My Time On Operation Southern Watch, 1992

My last year on active duty, I spent a few months in the desert. Combat zone. No combat.

Only one photo I know of taken of me when I was over there. Squad photo. Me and the guys, standing outside our Humvee, weapons in hand, right before going out on patrol.

So I took the only copy of the photo I was given, stuck it inside a letter I sent to my mom.

Years later, I asked her about that photo. Thought maybe I’d try and get a copy. Like I said, it was the only photographic proof I was even over there.

She told me, “Oh. That. I threw it away.”

Mom told me that getting the letter with that photo, seeing her firstborn in uniform, “holding a machine gun”, and smiling for the camera, no less, well…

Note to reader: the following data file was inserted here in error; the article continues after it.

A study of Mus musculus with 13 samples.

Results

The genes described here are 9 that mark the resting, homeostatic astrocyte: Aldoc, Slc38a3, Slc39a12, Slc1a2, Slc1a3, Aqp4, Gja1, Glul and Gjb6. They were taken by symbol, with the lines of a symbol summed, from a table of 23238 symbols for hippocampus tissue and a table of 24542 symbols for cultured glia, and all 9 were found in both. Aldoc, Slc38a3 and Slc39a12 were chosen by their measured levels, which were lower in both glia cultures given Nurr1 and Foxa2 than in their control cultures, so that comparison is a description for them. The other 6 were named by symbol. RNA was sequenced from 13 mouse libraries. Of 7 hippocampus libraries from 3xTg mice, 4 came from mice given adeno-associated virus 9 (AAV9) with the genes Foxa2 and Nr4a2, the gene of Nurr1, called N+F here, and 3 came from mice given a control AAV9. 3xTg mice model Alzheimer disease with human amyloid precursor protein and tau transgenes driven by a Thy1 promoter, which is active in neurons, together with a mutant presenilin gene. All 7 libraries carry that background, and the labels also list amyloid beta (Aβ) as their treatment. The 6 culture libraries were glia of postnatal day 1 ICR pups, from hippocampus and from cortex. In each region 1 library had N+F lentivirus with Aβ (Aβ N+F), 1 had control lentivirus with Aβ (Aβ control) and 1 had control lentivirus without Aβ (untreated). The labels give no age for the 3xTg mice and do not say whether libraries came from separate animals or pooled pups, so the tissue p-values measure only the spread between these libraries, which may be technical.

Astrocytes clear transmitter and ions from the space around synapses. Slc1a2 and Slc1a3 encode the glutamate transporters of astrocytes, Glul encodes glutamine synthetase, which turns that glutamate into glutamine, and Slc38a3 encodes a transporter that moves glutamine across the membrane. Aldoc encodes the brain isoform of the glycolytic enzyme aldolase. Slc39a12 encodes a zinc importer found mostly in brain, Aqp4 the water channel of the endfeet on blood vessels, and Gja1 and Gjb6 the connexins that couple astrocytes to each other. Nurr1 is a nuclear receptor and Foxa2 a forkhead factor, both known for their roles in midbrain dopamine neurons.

Seeing that was really painful, she said.

Because it reminded her that she’d “failed”.

“We protested against Vietnam so that our kids would never have to be soldiers and fight wars.”

I didn’t know how to respond to that at the time, partly because the naivete of that sentiment was embarrassing.

The more I thought about it, the more it bothered me, because it was clear not only that she believed it, that that was going to be the outcome– no more fighting, no more wars, ever– but that, apparently, it was only our country that needed convincing to quit fighting.

Not the NVA. Not the Soviets backing them.

Just us.

Because, apparently, Americans were the only bad guys in the world.

And that it was street theater, and street theater alone, that was going to keep the country free.

Wouldn’t it be wonderful, I thought, if only it were that easy.